FTC Guidelines and Internet Marketing Law

FTC Guidelines concerning Internet Marketing from an Arizona Internet Lawyer

Lately there have been many questions from our clients in the internet marketing and blogging industry about the new Federal Trade Commission Guidelines. Specifically, whether an affiliate marketer or blogger must disclose certain information on their web page, and if so how the disclaimer must be presented. This article will highlight several portions of the new guidelines and offer a framework for clients in how to disclose certain information on their websites.

In a nutshell, these questions revolve around the new FTC Guidelines that are geared at stopping false and misleading advertising, for example the Acai Berry "New Diet Pill Helps you Lose 50 pounds in 4 weeks" ads. Armed with the new guidelines, the FTC came down hard on the makers and affiliates of Acai Berry, in addition to other weight loss supplements for questionable advertising practices such as:

"WARNING! AcaiPure Is Fast Weight Loss That Works. It Was Not Created For Those People Who Only Want To Lose A Few Measly Pounds. AcaiPure was created to help you achieve the incredible body you have always wanted...USE WITH CAUTION! Major weight loss in short periods of time may occur."

In addition to the false advertising, the FTC was concerned with the "rebills" that were occurring on customers' accounts. According to the FTC Guidelines regarding Blogging, a disclaimer or disclosure must be made if there is a "sponsored communication". The examples of what is considered to be a "sponsored communication" is lengthy and cannot be summarized in one article. The FTC Guidelines did, however, provide for a few key points to remember:

- Only "material connections" must be disclosed.
- Connections are material if the reviewer received some consideration for the review (e.g., cash, merchandise, etc.).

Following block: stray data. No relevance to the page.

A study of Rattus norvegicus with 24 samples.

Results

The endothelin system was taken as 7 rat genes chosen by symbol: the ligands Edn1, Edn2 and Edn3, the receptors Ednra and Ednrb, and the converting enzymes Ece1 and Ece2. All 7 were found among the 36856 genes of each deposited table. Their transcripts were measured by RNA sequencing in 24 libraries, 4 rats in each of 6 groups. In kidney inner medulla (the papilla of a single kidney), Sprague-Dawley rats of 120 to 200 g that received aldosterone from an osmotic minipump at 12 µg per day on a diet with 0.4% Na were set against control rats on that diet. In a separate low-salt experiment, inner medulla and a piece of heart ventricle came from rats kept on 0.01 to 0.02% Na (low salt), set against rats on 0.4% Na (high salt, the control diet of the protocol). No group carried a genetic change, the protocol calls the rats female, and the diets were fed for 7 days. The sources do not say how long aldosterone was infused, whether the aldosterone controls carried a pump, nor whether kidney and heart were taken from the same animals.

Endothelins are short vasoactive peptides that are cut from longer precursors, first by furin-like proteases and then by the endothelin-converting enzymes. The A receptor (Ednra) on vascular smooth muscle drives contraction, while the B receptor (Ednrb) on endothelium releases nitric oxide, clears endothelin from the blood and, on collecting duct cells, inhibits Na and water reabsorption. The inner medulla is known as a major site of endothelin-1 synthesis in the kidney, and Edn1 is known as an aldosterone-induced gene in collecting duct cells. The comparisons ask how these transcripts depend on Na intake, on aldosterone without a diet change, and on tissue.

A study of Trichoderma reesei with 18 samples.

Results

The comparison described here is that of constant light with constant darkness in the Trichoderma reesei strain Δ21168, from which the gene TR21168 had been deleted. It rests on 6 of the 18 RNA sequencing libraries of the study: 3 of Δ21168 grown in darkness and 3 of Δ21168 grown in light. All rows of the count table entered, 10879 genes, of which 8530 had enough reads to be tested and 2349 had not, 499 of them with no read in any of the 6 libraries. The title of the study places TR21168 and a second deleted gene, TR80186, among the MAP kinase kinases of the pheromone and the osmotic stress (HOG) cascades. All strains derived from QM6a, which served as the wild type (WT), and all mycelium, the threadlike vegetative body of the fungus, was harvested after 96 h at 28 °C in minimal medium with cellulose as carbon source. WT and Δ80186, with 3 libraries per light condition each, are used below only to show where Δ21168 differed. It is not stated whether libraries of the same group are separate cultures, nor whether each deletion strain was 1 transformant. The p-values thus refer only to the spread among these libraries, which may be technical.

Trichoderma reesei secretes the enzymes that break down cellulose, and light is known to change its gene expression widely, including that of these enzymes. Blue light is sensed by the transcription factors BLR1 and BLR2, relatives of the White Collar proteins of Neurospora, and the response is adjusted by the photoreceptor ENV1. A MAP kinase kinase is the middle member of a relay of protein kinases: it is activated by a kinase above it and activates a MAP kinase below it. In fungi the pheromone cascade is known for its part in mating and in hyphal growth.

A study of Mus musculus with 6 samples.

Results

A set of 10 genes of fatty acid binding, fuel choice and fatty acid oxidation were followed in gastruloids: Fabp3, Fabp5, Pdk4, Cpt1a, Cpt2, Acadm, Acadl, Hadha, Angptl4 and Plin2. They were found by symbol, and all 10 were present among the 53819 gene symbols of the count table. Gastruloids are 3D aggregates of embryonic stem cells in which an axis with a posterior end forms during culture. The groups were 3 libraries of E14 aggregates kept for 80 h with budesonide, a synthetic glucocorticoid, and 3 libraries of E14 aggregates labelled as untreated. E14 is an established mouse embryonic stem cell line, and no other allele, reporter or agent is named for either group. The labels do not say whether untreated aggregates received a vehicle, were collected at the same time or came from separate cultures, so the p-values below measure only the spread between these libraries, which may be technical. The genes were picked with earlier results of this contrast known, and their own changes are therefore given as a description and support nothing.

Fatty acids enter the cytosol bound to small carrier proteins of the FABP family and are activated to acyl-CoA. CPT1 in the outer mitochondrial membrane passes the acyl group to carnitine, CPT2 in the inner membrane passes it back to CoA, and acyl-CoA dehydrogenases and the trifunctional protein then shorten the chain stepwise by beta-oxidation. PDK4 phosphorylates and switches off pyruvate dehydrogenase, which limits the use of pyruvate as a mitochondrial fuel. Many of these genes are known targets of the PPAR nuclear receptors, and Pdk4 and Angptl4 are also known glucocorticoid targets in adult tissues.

- Guidelines impose liability on: (1) advertisers, (2) advertising agencies, and (3) endorsers (including celebrity endorsers).
- The "results may vary" safe harbor is gone - advertisers are responsible for the claims made by endorsers.

Do I need a disclaimer or disclosure on my Blog?

For those that are affiliate marketers, paid bloggers, or receiving compensation for advertising then you should place a disclaimer on your website. Some may be able to get away with a disclaimer on the page regarding the advertisements, i.e. that you are getting paid. The guidelines merely say the disclaimer must be placed "clearly and conspicuously", which is really a common sense approach. Nor do you want to go overboard and have an entire page dedicated to the disclaimer, following by a small link at the bottom to your product. Thus, each post should have a disclaimer regarding the material relationship. Even more surprising to some is the fact that the FTC Guidelines apply to advertisements on twitter. If the results of the product or service being advertised in the advertisement are not typical, it must say so in the advertisement. In addition, bloggers and other word of mouth marketers must reveal any material connections between themselves and advertisers so as to not mislead consumers. When looking at a violation of these guidelines the FTC will view each case with a "totality of the circumstances" approach, meaning they will look at the product being advertised, the claim being made, and the disclaimer provided and whether a "reasonable consumer" would be able to know that there is a connection between the affiliate and the advertiser. In other words, be careful and remember the truth hurts...but not as bad as the FTC knocking at your door.